Queensland’s first environmentally sustainable wastewater treatment plant (WWTP) has been officially named the Cedar Grove Environmental Centre, as construction works continue at the facility.
The treatment plant, under construction at Cedar Grove in Logan, will set a new benchmark in providing a state-of-the-art sewage treatment service, while also enriching its surrounding natural environment.
Logan City Council and Economic Development Queensland agreed to the name for the centre in consultation with the Cedar Grove Community Reference Group in June in recognition of the facility’s emphasis on environmental and community benefits.
The centre will operate under the strictest environmental license ever granted by the Department of Environment and Science in Queensland.
Under this license, a “net environmental benefit” must be achieved for the facility’s surrounding catchment.
The new plant aims to achieve and exceed that with an industry-best rating of ‘ultra-low nutrient output’. The environmental benefit to the river and its catchment is estimated to be up to five times better than the impact of any typical wastewater treatment plant in Australia. Meeting this standard has not been done before in Queensland.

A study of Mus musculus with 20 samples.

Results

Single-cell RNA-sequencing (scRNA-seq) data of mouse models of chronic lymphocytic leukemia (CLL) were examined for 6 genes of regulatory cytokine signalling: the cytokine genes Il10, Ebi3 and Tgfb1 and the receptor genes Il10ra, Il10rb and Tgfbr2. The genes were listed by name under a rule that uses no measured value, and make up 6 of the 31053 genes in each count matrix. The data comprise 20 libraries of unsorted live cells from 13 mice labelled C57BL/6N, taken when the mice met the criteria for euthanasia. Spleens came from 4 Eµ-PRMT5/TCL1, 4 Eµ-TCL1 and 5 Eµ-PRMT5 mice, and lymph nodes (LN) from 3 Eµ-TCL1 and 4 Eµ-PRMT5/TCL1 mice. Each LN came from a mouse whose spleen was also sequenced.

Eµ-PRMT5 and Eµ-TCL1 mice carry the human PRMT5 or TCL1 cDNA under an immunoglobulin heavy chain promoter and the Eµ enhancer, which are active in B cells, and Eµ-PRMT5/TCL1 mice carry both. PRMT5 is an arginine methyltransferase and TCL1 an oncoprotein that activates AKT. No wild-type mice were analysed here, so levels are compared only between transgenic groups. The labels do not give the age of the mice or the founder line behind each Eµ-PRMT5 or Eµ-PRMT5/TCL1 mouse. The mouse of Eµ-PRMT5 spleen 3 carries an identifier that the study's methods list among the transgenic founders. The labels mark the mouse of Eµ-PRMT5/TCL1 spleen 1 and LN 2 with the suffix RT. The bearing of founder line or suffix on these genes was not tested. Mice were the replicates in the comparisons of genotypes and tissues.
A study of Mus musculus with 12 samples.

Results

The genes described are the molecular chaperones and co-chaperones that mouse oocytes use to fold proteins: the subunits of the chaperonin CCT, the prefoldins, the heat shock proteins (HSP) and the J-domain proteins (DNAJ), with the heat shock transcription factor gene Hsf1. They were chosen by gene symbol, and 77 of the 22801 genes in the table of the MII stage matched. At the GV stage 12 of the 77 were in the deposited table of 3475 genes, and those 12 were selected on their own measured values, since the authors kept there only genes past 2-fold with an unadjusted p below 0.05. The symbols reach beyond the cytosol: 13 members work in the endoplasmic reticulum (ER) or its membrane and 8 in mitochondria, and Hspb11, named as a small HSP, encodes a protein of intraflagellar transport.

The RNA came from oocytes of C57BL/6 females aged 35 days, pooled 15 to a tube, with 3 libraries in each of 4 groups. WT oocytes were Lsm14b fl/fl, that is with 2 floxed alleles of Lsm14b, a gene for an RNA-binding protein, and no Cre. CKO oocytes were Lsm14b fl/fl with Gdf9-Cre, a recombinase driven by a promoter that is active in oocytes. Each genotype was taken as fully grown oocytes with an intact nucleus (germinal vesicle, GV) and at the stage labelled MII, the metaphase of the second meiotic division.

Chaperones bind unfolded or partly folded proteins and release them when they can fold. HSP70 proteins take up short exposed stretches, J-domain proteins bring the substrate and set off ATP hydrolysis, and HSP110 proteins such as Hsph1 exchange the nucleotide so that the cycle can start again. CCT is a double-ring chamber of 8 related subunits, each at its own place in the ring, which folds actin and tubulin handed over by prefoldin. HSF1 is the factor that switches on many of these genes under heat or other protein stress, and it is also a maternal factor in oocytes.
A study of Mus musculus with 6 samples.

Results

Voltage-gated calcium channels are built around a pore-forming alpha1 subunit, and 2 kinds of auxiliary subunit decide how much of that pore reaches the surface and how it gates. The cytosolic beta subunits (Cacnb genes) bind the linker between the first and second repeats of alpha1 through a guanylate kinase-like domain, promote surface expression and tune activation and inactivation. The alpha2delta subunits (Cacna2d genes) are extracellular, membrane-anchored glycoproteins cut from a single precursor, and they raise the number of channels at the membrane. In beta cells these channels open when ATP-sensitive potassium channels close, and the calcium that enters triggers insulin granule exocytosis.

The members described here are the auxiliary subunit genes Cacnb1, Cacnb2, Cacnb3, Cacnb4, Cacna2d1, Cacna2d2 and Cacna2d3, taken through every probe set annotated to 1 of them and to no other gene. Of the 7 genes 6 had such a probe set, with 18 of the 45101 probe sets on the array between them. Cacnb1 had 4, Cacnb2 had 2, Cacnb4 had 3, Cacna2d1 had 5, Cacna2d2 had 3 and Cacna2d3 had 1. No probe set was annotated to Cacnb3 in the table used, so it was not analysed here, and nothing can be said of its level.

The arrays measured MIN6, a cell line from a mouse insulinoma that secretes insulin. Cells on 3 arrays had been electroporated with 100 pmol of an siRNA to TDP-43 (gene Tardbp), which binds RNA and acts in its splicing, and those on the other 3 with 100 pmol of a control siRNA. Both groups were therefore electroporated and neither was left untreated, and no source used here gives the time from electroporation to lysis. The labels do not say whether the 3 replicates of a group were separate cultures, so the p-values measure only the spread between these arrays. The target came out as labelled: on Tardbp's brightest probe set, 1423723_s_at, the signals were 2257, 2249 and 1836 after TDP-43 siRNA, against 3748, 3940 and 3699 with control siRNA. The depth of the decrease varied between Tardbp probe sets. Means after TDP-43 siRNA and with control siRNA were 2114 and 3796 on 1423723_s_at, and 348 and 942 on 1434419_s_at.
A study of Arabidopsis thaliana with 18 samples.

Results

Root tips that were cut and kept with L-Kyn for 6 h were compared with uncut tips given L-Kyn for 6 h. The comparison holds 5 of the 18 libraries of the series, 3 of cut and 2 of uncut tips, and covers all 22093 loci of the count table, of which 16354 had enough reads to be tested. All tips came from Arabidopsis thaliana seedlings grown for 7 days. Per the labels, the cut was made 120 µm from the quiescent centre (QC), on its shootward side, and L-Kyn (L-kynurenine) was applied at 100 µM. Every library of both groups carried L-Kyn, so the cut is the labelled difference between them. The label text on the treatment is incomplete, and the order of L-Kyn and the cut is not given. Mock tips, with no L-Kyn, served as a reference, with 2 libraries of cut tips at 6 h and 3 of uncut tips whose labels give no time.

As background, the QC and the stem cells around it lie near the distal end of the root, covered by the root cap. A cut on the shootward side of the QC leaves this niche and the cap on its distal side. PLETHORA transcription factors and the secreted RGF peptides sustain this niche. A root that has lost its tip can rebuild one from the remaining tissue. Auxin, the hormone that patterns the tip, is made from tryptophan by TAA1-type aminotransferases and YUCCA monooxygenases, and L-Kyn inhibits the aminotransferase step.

Logan Water aims to achieve this by:
- Producing ultra-low nutrient effluent using a biological treatment process and constructed wetlands to ‘polish’ the effluent. The combination of ultra-low nutrient effluent and wetlands will achieve a total nitrogen release of 1mg per litre and total phosphorous release of 0.5mg per litre
- Developing a program to replant and rehabilitate sections of the Logan River banks upstream of the WWTP to prevent tonnes of nutrient-laden sediment from entering the waterway
- Planting native trees on 38 hectares of the site to offset approved vegetation removal by developers across Logan
- An on-site solar farm to contribute energy for WWTP operations
- Investigations into potential reuse of effluent produced by the WWTP for agricultural irrigation
Construction work on the wastewater treatment facility is about 40 per cent complete and the facility is expected to be operational by mid-2020.